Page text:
Financial advisors say that there are ways to satisfy required minimum distribution requirements efficiently, so that the legal requirement works to a client’s benefit.

Distributions from individual retirement accounts and other qualified plans have to begin when the owner turns age 70-1/2 or after a spouse of beneficiary inherits a qualified investment.

But satisfying the tax law can also be used as part of a strategy to make a client’s retirement portfolio more efficient, say planners.

For instance, while RMDs are required on the total amount of all IRA accounts held by a client, that total can be taken from any account or combination of accounts, according to Warren Ward, a certified financial planner with Warren Ward Associates, Columbus, Ind.

An advisor can recommend that the RMD be taken from the “least suitable account, perhaps an IRA annuity with lots of internal costs and significant surrender charges,” he says. The reason, Ward explains, is that charges are usually waived in the case of RMDs.

When a client turns age 70-1/2, an RMD can be taken that year or by April 1 of the following year, points out Jeremy Portnoff, a certified financial planner with Portnoff Financial LLC, Westfield, N.J. But if the RMD is delayed until the following year, another RMD must be taken for that year, for a total of 2 RMDs, he says.

Consequently, a client’s income in the following year and the possible tax consequences if the client is pushed into a higher tax bracket must be considered before a decision is made, Portnoff says. If the client is pushed into a higher bracket, more of the client’s Social Security benefits may be taxable, he says.

“There is a nasty interplay of RMD and Social Security payments that can affect clients whose primary income is Social Security and medium-sized IRAs,” says Tom Davison, a certified financial planner with Summit Financial Strategies, Columbus, Ohio.

The interplay, he explains, is when single clients are pushed into an effective marginal rate of 46% for federal taxes and married couples who file jointly end up in the 28% tax bracket rather than the 15% bracket.

But one good tax planning feature about the RMD is that the client can withhold any amount needed for tax purposes from the IRA distribution, Davison says.

“For example, you could do a $1,000 distribution, and have the entire amount withheld for federal taxes. So you would receive $0 in your hands, but the Internal Revenue Service (or your state) would receive $1,000,” he says. “The entire $1,000 counts towards your RMD, whether none, some, or all is withheld.”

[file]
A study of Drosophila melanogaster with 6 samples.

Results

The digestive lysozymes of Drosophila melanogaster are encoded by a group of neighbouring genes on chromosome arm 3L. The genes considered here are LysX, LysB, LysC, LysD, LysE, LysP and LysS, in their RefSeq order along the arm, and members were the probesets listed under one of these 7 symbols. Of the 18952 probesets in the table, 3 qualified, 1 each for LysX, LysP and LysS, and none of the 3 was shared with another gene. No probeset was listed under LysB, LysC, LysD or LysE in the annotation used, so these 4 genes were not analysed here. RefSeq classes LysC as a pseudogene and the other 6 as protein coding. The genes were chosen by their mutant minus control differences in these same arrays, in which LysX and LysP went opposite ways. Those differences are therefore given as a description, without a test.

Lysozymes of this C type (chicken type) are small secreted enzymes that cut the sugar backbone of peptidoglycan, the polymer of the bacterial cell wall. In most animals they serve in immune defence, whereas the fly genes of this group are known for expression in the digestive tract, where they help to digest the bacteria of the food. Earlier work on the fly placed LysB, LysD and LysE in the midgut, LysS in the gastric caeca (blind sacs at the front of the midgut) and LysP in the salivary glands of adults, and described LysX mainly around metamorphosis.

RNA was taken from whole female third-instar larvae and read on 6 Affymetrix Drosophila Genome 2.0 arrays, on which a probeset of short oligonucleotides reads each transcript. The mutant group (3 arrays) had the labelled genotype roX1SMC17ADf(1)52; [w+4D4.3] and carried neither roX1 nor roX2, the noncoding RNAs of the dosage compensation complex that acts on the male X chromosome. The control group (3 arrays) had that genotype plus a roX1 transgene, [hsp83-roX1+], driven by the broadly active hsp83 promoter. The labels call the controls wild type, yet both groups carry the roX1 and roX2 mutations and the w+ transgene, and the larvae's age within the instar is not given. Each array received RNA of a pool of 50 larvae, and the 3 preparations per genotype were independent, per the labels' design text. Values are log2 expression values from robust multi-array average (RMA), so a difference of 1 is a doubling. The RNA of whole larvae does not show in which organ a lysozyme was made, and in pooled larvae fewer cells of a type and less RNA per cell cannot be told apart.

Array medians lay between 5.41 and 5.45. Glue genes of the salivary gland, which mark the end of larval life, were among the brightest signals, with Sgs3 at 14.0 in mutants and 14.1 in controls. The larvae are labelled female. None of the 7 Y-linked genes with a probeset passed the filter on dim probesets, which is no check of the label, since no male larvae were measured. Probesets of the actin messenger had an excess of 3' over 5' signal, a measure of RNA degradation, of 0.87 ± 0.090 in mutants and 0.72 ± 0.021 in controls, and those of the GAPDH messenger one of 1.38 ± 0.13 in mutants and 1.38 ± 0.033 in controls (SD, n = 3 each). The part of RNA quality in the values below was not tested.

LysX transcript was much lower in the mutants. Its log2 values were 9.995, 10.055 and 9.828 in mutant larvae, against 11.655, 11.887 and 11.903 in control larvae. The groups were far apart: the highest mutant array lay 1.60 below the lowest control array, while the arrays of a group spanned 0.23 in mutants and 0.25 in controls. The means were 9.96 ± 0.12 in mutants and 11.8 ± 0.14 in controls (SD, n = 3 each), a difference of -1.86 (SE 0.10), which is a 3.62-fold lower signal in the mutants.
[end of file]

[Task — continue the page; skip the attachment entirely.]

In fact, he says, withholding is more useful than doing estimated tax payments. That’s because withholding can happen any time in the year, but estimated tax payments are matched up with income during each quarter, Davison explains. “So withholding can get you out of an under-withholding penalty that an estimated tax payment can’t.”

With some clients, his firm schedules IRA distributions later in the year, to see if there are sufficient tax withholdings or whether additional holdings are necessary so clients will be “penalty-proof for that year.”

Davison notes that he recently handled a client’s distribution from an inherited IRA in which he had 100% of the distribution withheld for federal taxes.

Other suggestions offered by Davison include withdrawing investment advisory fees directly from IRAs, allowing clients to remove funds without paying taxes and reducing future RMDs because the account values will be smaller.

And, Davison says, an advisor can consider distributing assets in kind from an IRA to a taxable account, avoiding the need to sell the asset and then buy it back again and receive a commission charge as well as being out of the market for a period of time.

Frank Boucher, a certified financial planner with Boucher Financial Planning Services, Reston, Va., raises the issue of liquidity within an IRA or a qualified plan. There has to be enough liquidity to meet the RMD requirement, he says. Maintaining sufficient liquidity, he explains will help prevent the need to sell assets at a loss.

A liquidity problem can be avoided, he says, by having the client start to accumulate cash inside the IRA, a few years before the RMD starts; this cash can then be used to pay for the RMD. This can be accomplished by having dividends and income of stocks and bonds and mutual funds in IRAs paid to the IRA instead of being reinvested, Boucher says.

Another way to prepare for the requirement would be to “systematically redeem securities or mutual funds over a period of years,” he says.

The RMD requirement may reduce the need to spend other taxable assets, he adds.

The amount of RMD taken each year can vary depending on the client’s age and the value in the IRA or qualified account, notes Dawn Brown, a certified financial planner with L.J. Altfest & Co., New York. For instance, a down market actually reduces the amount required to be taken from the account, she says.

Another point worth noting, according to Brown, is that if there is a beneficiary IRA with more than 1 beneficiary on the beneficiary form, the client needs to write down the percentage allotted to each beneficiary. If this is not done, it will be assumed that the total will be divided equally among the beneficiaries, she says.

Each beneficiary is then able to roll over their portion into their own inherited IRA with their own life expectancy as the basis for distribution, she explains. But if the account does not specify shares, Brown says, then the oldest beneficiary’s age is used, a choice that is not optimal for the youngest beneficiary, she notes.